Welcome to the Latchford House of Memories. Our house is really a stroll down “Memory Lane,” by those who loved Latchford and its unique past. The Department of lands and Forests (Ontario), built this house nearly 75 years ago for the Chief Ranger, Mr. Phil Hoffman and his family. The outbuildings, still in place today, included a bunkhouse for the Fire Rangers and other employees. The large building known as the Loggers Hall of Fame, was a garage for the Department’s trucks and equipment. Well-kept lawns and gardens surround the buildings.
Contains more than 2,000 exhibits ranging from 19th century housewares to lumbering and blacksmith tools, World War I and II memorabilia; railway exhibits to geological specimens. Please enjoy the new easy to access archives of historic pictures, videos, and audio from former residents and significant events in Latchford found on a new computer system in the museum.

Also Available – A Walk Through Sawdust City (Latchford) by George L. Lefebvre

This project was funded by Ontario Trillium Foundation.


It should be noted that this 10-room house contains many artifacts dating back to the early 1900s and on to the more recent past of the 1970s and 1980s. There is interesting reading material, which unfortunately is in very fragile condition and must be handled with care, such as school and church records and pictures of all kinds.


Very recently, the exterior and windows of the House of Memories Museum were completly renovated with a grant from Human Resources Development Canada (HRDC), keeping the original integrity of the building at all times.


Latchford was a leader in the logging and forestry industry, drawing folks from all walks of life. It was from Latchford that the mining industry developed and made use of the products produced here in the mills of the forest industries.

Latchford was incorporated on July 15th 1907 and was a vigorous and active community, coping with the ups and downs of bust and boom into the 1960s.


The House of memories was established by a small, courageous group of citizens in 1967 as a Centennial project. Many family memories are housed here to bring a warm and loving community to life once again.


In the early 21st Century, there is a sense of pride in a glorious and colourful past and those who made it possible
The House of Memories Museum is open seasonally from July 1st to End of August.
from 10am-5pm | Tuesday to Saturday

Museum Entry Fees (suject to change without notice)

Adults: $2.00

Children: $1.00

Families: $5.00

Bus Tours: $25.00


Re-live a lumberjack’s day in the 1940’s:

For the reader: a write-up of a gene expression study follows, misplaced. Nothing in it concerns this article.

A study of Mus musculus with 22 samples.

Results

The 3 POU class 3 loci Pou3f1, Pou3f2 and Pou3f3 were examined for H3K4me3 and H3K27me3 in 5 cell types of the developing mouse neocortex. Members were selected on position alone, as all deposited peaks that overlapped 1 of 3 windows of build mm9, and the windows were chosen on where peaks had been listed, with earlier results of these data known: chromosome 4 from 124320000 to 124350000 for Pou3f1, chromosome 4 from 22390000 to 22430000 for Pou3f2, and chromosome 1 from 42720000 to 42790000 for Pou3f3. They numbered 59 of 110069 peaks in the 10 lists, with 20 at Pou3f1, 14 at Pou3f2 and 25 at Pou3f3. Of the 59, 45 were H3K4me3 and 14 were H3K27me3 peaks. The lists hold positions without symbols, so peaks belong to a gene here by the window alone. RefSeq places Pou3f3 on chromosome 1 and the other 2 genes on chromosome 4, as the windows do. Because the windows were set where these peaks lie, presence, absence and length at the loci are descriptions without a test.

• “H-style” bunkhouse & cookery
  • ice house
  • blacksmith shop
  • “Walter Green” circular sawmill
  • log jammer and logging sleighs
  • handetched white pine reproductions of the founders, builders and workers in the camps and mills of Ontario’s Forestry Industry
  • photos, tools and memorabilia


A point of interest feature in Latchford is the Sgt. Aubrey Cosens VC Memorial Bridge. This bridge is the primary highway link to all of Northern Ontario via Highway # 11 as it spans the Montreal River.

Sgt. Cosens is Latchford’s own World War II Hero, and he received the Victoria Cross for his bravery and sacrifice of his life for our country.

The Veteran’s Park is located alongside of the highway bridge and is an irresistible picnic and rest area overlooking the Montreal River rapids.

On May 31st 1986, the Town of Latchford honoured a son of the north and a magnificent Canadian, Sgt. Aubrey Cosens V.C.


Aubrey Cosens was born in Latchford on May 21st 1921, the only son to Mr. and Mrs. Charles Cosens.  Shortly afterwards his family moved near Porquis Junction and this is where Aubrey Cosens remained until he left school at 17 and went to work as a section hand on the Temiskaming and Northern Ontario Railway.

A year after taking this job, the Second World War broke out and Aubrey attempted to join the RCAF and was rejected because he was considered too young.  In 1940 he joined The Argyll and Sutherland Highlanders of Canada and later transferred to The Queen’s Own Rifles of Canada, and was in August 1944, part of the D-day reinforcements in Normandy, France.

Early on February 26th 1945, his unit attacked enemy forces at Mooshof, Germany which was a strategic position vial to the success of future military operations.

His platoon suffered heavy casualties and Cosens assumed command.  Supported by a tank, he led another attack against three enemy strong points, which he captured and took a number of prisoners single-handed. While on his way to report this victory to his commander, Aubrey was killed by an enemy sniper at the age of 23.

For his outstanding gallantry, initiative and determined leadership, Sgt. Aubrey Cosens was posthumously awarded our Country’s and Commonwealth’s highest declaration for valour:  “THE VICTORIA CROSS”.

Only 16 Canadians were awarded the Victoria Cross in the Second World War.


Don’t miss the unique opportunity to stop and view the World’s Shortest Covered Bridge, according to the Guinness World Book of Records.

The Bridge is 11 feet, 3 inches (3.4 m) long along the roof ridge, though the water covering is only 4 feet of that across a concrete culvert. The bridge holds one lane of traffic, and one lane of walkers.


Visit the Latchford waterfront and enjoy a day on the beach! Have a picnic under the sheltered pavilion, take a stroll on the boardwalk or fish off the dock and catch a big one! Let the kid’s play on the new playground while you relax and take in the beautiful scenery of Bay Lake.